With employers scrambling to update and open workplaces during an uncertain pandemic, many are looking to design experts to help manage their transitions to hybrid remote workforces. Increasingly, some organizations find, firms like Boston- and Atlanta-based Dyer Brown are positioned best to consult on the hardest part: In a nutshell, change management.

The key reason is effective communications — on everything from how to use a new workplace to employee wellness to effective transitions from online to in-person work modes, according to Dyer Brown’s Rachel Woodhouse, NCIDQ, a principal at the nationally active design firm.

Integrating change management into a workplace strategy project, such as rolling out new offices or opening a headquarters, can help achieve the best possible results for both employers and employees. Yet corporate leaders may be hesitant to outsource "internal communications" to consultants, let alone firms best known for architecture, design, branding and graphics.

“Yet that’s exactly what some of the best organizations find they need,” says Woodhouse, an expert on organizational strategy. “The managers need 100% buy-in from their teams, and integrated communications and workplace strategy can best support real estate strategy and avoid unforeseen organizational implications that can cost companies big money.” 

Examples of downsides Woodhouse lists include needing to lease additional space, loss of management-level employees, or coping with workers who feel overwhelmed by workplace transitions.

Midsize Companies and Workplace ‘Quicksand’

While large corporations and institutions tend to handle change management with in-house HR, many growing mid-level companies lack experience with workplace change scenarios. “To protect workplace investments and ensure real estate strategy over the long term, an integrated designer-strategist like Dyer Brown can troubleshoot to identify the organizational quicksand," says Woodhouse. "Thankfully, many organizations are realizing they can’t support the costs of not doing proper change-focused communications — in part because employees have more job options post-Covid, putting them in the driver's seat.”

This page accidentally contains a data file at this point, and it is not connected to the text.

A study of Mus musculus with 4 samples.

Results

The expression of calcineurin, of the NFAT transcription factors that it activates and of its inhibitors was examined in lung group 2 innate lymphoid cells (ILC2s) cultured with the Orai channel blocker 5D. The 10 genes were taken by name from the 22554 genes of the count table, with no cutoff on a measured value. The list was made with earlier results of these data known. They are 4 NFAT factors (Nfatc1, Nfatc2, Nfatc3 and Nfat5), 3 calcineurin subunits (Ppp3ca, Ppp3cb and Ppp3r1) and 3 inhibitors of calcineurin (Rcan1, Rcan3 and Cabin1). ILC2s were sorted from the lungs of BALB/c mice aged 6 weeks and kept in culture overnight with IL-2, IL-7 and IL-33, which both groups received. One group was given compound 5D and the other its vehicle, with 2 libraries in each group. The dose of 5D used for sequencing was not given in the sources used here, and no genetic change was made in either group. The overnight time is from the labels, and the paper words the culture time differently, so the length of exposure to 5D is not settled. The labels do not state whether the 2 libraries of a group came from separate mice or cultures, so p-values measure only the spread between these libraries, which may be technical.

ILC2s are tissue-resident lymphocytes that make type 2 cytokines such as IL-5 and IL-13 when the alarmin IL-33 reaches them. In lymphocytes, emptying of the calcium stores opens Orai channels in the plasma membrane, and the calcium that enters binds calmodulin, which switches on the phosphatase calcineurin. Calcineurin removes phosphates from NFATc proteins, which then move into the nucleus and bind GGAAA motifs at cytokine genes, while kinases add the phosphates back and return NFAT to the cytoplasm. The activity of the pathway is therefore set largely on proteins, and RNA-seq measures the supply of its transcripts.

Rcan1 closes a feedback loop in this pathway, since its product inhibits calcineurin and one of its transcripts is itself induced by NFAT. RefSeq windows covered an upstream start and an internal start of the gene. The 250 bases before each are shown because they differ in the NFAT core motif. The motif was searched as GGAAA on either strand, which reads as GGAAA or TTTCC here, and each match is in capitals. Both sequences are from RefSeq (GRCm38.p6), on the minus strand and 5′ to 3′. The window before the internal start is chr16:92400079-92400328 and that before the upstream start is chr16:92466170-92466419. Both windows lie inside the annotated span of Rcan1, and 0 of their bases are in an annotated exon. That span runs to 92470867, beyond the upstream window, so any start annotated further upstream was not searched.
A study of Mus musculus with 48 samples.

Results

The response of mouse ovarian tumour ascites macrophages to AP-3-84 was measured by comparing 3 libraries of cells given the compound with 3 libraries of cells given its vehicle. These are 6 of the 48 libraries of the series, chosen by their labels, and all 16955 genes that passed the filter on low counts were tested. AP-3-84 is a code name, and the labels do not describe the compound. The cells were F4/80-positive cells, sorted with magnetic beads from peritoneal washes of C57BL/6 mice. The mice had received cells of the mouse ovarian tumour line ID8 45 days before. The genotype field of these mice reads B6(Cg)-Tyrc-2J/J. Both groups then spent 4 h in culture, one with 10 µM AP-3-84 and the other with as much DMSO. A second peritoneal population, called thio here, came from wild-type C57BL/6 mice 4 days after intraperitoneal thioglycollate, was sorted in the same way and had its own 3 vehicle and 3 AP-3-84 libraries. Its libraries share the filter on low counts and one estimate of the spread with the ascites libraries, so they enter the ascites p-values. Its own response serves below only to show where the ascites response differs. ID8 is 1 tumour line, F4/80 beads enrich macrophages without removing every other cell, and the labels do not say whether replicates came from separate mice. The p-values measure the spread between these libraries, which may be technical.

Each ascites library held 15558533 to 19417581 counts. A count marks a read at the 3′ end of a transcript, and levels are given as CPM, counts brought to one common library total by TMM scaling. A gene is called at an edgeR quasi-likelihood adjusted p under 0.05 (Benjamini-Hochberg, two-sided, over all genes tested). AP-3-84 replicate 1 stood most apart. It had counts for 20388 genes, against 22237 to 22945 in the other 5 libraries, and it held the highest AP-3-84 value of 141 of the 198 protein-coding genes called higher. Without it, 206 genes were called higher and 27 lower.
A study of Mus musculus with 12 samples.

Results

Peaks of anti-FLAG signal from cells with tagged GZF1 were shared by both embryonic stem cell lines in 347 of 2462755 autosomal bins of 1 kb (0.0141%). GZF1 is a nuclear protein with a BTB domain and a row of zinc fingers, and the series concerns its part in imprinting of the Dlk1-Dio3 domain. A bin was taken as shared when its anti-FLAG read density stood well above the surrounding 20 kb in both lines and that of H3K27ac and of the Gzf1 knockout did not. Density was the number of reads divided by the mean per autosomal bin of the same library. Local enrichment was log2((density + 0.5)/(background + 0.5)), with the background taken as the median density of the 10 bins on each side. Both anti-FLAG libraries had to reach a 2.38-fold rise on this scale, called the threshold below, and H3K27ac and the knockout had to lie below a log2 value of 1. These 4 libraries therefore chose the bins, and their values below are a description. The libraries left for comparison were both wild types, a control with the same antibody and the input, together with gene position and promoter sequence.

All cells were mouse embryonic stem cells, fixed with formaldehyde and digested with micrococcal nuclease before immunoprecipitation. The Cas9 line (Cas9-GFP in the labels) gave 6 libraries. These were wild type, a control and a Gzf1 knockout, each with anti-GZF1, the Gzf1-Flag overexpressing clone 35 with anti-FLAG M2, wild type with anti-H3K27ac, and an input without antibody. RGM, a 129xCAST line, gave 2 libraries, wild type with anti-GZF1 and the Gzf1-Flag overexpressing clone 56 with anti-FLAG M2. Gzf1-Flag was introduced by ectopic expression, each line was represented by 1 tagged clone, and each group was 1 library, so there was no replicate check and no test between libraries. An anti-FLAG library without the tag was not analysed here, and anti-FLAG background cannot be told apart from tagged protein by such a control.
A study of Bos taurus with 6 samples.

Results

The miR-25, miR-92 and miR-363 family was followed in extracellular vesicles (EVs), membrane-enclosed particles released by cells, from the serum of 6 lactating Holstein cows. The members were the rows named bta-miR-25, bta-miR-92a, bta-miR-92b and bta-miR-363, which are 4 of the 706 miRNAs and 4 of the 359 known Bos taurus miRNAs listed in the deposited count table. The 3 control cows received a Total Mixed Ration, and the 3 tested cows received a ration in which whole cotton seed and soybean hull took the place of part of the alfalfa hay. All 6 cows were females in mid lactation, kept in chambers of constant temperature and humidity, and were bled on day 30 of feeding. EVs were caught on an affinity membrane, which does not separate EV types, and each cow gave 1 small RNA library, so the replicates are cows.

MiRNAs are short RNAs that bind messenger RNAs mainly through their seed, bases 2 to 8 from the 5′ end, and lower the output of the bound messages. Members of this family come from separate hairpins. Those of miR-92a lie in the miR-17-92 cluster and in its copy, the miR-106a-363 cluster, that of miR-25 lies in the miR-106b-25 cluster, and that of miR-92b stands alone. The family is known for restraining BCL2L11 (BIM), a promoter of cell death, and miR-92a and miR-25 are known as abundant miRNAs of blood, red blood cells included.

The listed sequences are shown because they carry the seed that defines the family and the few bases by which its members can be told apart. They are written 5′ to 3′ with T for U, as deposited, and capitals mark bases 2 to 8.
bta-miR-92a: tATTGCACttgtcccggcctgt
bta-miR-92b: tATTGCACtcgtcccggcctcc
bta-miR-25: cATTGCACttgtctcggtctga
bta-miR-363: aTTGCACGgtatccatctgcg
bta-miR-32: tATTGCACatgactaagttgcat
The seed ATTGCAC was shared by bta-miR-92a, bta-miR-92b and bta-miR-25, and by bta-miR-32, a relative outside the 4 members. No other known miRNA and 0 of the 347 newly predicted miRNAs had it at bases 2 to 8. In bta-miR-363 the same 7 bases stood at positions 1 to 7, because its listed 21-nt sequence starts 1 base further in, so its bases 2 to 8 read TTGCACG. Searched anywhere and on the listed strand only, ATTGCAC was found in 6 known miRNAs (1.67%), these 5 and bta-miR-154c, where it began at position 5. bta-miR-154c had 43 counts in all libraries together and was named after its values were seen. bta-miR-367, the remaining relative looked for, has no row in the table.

Dyer Brown isn’t new to what experts like Woodhouse refer to as “CM." The firm is currently supporting multiple clients who added change management to the firm’s other integrated workplace services. To encourage more organizations to include workplace change consulting as part of their their real estate and workplace project delivery, Woodhouse emphasizes a few points: 

  1. Think mission and culture. Few companies will hand over all employee communications to a consultant, which Dyer Brown respects — and recommends. Instead, each employer should choose a path that supports top-level goals and aligns with organizational culture. For example, Dyer Brown worked with client QuickBase through weekly meetings to develop and implement a communications strategy, vetted announcements and organized a schedule for releasing information strategically. For nonprofit Metro Housing, the firm took a back seat and focused on low-profile needs like selecting user-experience software.
  2. Start early. As director of change management for Dyer Brown, Woodhouse believes CM is an organizational thread that needs to be addressed from the start, where possible. “We learn so much from pre-design visioning meetings and surveys, especially when the scope includes all users,” she says. "This information can be upcycled into effective communications strategy for a successful rollout.” 
  3. User experience is everything. Growing employers need to stay competitive in the labor marketplace by keeping top talent happy and productive. Providing a positive, seamless experience of the workplace is a cost-effective way to maintain an edge. For both QuickBase and Metro Housing, this meant selecting a software suite for user experience as part of change management. For QuickBase, it also meant working with leadership to ensure smooth communication with managers about major changes including marked reductions in the number of private offices.
  4. Leverage the design advantage. With Dyer Brown’s designers and consultants already focused on workplace strategy for every client, their change-oriented insights into employee needs are deeply personal. For example, creating comfortable, healthy and productive environments for workers is an understood outcome for every project, so change management is a natural extension of workplace design. 

“On top of that, we’re on the outside, essentially a disinterested party with no skin in the game,” says Woodhouse. “This means we can see the operation with fresh eyes, and we’re ideally placed to lead on transparency efforts.”

The firm’s role with corporate and institutional employers has varied widely, adds Woodhouse. For those that prefer a highly structured process, Dyer Brown delivers that. “For others, we take on an informal advisory role, or provide support like an added member of staff,” she says. "There’s a whole spectrum here.”